Tips for safer m'way


Driver tailgating on motorway

DRIVERS are putting themselves at risk on motorway journeys by tailgating, hogging the middle lane, undertaking or making late lane changes.

Road safety and breakdown organisation GEM Motoring Assist says the most frequent complaints from its members relate to tailgating, with speeding, failing to indicate and last-minute swooping across three lanes to leave the motorway also high on the list.

Although many risky actions are unintentional, GEM chief executive Neil Worth warns that they're still intimidating to others on the motorway.

"The potential consequences when something goes wrong are severe, whether a driver deliberately follows too close, or simply doesn't realise," he said.

"Our members regularly place being tailgated up there at the top of the list of annoying, unpleasant and dangerousthreatsthey experience on the road, and for good reason."

"Imagine a sudden problem ahead of you on a motorway. According to the Highway Code, if you're driving at 70mph you will need a minimum of 96 metres to come to a stop. This requires you to be alert and able to react immediately to the problem you've spotted ahead.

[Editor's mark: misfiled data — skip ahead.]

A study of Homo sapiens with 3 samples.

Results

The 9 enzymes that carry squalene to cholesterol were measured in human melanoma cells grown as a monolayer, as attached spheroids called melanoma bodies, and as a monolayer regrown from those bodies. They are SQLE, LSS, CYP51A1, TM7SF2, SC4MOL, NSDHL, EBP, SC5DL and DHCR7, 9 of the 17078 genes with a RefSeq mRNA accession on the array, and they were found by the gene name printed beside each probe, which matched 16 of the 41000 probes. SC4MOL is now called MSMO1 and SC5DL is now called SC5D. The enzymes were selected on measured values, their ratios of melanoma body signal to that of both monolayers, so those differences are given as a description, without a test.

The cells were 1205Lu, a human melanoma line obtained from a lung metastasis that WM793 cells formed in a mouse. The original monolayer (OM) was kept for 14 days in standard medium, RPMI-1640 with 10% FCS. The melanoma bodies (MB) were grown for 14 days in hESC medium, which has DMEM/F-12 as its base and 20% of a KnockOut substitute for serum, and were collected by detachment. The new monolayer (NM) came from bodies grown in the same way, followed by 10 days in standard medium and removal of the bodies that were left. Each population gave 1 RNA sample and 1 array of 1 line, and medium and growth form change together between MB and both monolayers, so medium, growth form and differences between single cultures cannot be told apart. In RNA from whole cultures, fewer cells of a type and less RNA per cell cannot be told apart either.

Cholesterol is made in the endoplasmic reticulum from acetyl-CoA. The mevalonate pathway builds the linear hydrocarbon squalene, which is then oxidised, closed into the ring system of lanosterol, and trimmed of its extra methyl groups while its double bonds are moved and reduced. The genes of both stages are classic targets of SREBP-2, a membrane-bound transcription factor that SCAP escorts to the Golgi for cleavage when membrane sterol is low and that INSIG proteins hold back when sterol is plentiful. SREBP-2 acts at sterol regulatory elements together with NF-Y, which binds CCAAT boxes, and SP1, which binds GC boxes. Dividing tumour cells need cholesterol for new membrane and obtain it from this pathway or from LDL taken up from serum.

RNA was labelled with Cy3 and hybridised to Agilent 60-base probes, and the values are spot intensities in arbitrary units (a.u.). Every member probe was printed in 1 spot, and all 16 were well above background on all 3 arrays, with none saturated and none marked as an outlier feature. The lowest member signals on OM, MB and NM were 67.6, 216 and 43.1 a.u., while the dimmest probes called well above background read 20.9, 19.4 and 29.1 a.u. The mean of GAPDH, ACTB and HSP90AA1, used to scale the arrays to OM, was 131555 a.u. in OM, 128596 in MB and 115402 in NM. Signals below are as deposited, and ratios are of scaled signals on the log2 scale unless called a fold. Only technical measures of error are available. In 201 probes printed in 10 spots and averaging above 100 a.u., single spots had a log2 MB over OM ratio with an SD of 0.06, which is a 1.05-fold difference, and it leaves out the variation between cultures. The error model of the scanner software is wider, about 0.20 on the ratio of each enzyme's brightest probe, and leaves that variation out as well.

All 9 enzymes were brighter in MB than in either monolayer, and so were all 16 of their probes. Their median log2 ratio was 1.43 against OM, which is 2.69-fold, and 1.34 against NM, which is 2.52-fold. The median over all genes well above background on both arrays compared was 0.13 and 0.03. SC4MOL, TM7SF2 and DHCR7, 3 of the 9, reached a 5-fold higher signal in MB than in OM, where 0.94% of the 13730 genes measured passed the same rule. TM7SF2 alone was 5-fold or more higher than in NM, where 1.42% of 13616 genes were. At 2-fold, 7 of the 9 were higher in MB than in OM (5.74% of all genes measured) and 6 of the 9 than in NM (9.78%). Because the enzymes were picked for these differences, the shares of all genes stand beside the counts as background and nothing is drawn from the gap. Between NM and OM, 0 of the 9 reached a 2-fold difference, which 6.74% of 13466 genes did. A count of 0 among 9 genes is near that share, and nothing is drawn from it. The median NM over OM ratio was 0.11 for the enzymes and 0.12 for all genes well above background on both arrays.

"Someone close behind you is much less likely to see the hazard you've seen, meaning they'll find they have no time and space to react - and risk running into the rear of your car before even starting to slow down.

GEM has issued the following five tips for safer motorway driving:

1. Always ensure you have time and space to stop safely. Leave a minimum two-second gap between you and the vehicle in front.

2. In poor weather, double that gap to four seconds.

3. If you're concerned that someone is following you too closely, then leave plenty of extra room ahead of you so that you can lose speed gradually if you need to.

4. Drive in the left-hand lane unless you're overtaking. When you have completed the overtake, move back to the left-hand lane.

5. Watch out for the exit or interchange signs so you can be in the right lane in plenty of time before leaving the motorway.